Reading forms more than just a fundamental aspect of a child’s education; it serves as a gateway to a future filled with endless opportunities for learning and achieving success in life.
In primary schools, creating a reading-centric culture and developing strong literacy skills are critical. Teachers and school leaders play a pivotal role in teaching and leading reading to ensure every child not only has the opportunity to become a proficient reader but also to unlock their full potential as confident, creative, knowledgeable, empathetic and imaginative individuals.
That’s why it’s paramount that we embrace not just a shared responsibility but a collective commitment to championing the leading of reading in our classrooms and communities.
In this article, we will explore seven effective strategies and best practices aimed at empowering teachers and school leaders in their mission to lead reading effectively in primary schools. You can explore these ideas in-depth and many more in my book, 100 Ideas for Primary Teachers: Reading for Pleasure, which is published by Bloomsbury and available to buy now.
1. Establish a Reading Culture:
To inspire a love for reading, schools must cultivate a culture that cherishes and celebrates it. This culture embraces and encompasses elements such as reading lessons, diverse book selections, engaging author visits, interactive reading assemblies, book clubs and much more. Whether you’re starting out or sustaining your current culture, consider how you can infuse reading into everything you do so that it becomes an integral part of your school’s ethos and identity.
2. Designate and Distribute Reading Leadership:
Appointing the role of a Reading Lead is a solid start and it’s a practice I recommend for every leadership team, but it’s also essential to share the responsibility of leading reading across the school. Form what I call a ‘Senior Readership Team’, which includes the Reading Lead, headteacher (or Head Reader, as I like to refer to them!), other leaders, teaching and support staff, and even children and parents. This guarantees a collective decision-making effort about reading on a school-wide level and prevents it from falling solely on one individual’s shoulders.
3. Build a Comprehensive Reading Curriculum:
Work together with your school community to design and develop a well-rounded reading curriculum that integrates reading for pleasure, phonics, vocabulary, comprehension and fluency. Consider the incorporation of various reading approaches like guided reading, whole class reading and independent reading for a holistic reading experience across year groups.
4. Allocate Resources Appropriately:
Allocate sufficient resources, including books, digital tools and other reading materials, and ensure that classroom collections and school libraries remain well-stocked and up-to-date. A strategic means to accomplish this is by instituting a designated ‘book budget’ expressly earmarked for enhancing the reading experience. This investment underscores the recognition of reading in your school. Additionally, regularly assess the needs and preferences of children and teachers to tailor the available resources and source new ones that cater to their requirements to maintain an environment that fosters a deep love for reading.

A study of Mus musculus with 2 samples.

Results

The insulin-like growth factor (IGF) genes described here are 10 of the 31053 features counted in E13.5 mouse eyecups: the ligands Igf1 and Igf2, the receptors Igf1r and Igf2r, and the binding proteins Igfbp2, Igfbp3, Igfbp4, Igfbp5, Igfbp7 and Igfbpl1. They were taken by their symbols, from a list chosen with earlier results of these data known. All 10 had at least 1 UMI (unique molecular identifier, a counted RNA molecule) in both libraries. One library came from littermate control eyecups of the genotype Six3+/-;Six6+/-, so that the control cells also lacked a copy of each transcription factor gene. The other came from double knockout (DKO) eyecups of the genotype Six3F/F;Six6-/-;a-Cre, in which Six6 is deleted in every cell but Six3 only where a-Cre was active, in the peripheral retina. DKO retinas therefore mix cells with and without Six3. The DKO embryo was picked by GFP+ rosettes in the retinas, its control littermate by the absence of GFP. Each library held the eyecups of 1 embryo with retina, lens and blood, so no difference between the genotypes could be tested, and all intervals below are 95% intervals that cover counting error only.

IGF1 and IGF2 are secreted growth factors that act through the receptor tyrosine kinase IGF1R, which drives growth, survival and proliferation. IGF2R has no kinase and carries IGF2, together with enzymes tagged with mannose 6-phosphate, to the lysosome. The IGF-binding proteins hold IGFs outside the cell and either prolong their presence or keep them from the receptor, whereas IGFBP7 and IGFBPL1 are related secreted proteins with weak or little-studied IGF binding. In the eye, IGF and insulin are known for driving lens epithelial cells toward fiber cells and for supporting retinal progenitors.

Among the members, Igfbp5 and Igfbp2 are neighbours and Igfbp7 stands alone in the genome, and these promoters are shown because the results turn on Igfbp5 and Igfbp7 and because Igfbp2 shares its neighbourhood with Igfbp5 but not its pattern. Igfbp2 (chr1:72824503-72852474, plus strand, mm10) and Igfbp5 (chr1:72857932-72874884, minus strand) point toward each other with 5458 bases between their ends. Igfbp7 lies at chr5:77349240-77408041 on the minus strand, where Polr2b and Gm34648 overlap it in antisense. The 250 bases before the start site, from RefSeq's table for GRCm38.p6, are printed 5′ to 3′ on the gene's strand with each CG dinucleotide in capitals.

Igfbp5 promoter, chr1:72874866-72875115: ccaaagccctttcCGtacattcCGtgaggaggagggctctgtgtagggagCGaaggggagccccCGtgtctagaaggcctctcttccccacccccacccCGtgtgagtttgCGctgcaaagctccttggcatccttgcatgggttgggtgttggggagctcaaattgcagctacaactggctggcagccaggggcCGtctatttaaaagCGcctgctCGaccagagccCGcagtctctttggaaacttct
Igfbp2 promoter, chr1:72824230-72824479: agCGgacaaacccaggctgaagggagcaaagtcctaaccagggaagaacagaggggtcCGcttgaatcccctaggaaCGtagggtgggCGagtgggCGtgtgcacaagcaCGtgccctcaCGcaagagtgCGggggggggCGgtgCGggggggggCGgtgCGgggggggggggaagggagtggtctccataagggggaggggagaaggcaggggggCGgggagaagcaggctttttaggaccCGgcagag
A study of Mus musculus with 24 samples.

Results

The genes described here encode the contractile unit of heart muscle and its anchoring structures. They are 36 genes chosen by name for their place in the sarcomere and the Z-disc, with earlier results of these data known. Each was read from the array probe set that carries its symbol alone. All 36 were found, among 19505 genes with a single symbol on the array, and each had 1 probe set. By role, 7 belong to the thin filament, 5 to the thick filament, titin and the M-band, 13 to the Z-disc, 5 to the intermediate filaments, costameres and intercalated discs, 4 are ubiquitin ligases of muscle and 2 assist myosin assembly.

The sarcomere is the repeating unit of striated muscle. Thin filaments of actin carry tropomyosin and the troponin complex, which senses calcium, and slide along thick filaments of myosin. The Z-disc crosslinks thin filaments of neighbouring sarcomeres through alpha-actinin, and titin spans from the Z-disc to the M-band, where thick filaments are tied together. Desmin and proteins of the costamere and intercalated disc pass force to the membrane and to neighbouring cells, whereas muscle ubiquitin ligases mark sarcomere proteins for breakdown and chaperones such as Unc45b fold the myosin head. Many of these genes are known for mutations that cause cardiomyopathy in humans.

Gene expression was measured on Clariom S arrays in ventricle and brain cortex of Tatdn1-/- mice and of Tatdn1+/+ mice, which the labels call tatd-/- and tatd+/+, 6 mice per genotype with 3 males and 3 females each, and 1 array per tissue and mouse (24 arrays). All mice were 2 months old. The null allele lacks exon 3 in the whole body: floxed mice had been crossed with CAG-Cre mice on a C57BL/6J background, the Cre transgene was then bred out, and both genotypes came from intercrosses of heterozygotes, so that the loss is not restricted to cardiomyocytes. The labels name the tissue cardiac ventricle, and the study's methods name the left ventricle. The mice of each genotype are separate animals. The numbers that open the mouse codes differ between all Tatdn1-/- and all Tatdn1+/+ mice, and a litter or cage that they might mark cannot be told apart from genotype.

5. Professional Development for Teachers:
Teachers are the key facilitators in nurturing a culture of reading within the school. Providing continuous professional development opportunities is essential for keeping them updated with the latest research and effective teaching methods related to reading. You could also dedicate a segment of regular staff meetings to discuss reading-related topics, share success stories and explore challenges.
6. Collaboration and Community Involvement:
Parents are vital partners and leaders should look to actively engage them in their children’s reading journeys through regular communication, workshops and family events, as well as extending this into the community. Sharing information about its benefits and providing resources, such as recommended reading lists (www.thereaderteacher.com/year-groups), can also help guide them in the reading process and build a strong home-school partnership. While we’re on the topic of community, think about how you can also partner with people and organisations such as local libraries and independent bookshops to optimise opportunities.
7. Promote Reading Personally and Professionally at Policy Level:
Lastly, leaders should not only ensure reading’s prominence in school policies (such as improvement plans and mission statements) but they should also ‘lead/read’ by example themselves and embody the behaviour they want to encourage in their children and staff. Demonstrating genuine enthusiasm for reading by openly discussing books, sharing recommendations and active participation sets an incredibly positive, inspiring and infectious precedent for all. Ultimately, if we want children to be readers, we need to be readers ourselves.
In conclusion, leading reading in primary schools requires a multifaceted approach and takes time, dedication, perseverance and effort. By effectively employing these strategies and spreading a love for reading from an early age, teachers and leaders can equip children with vital skills that will benefit them throughout their lives.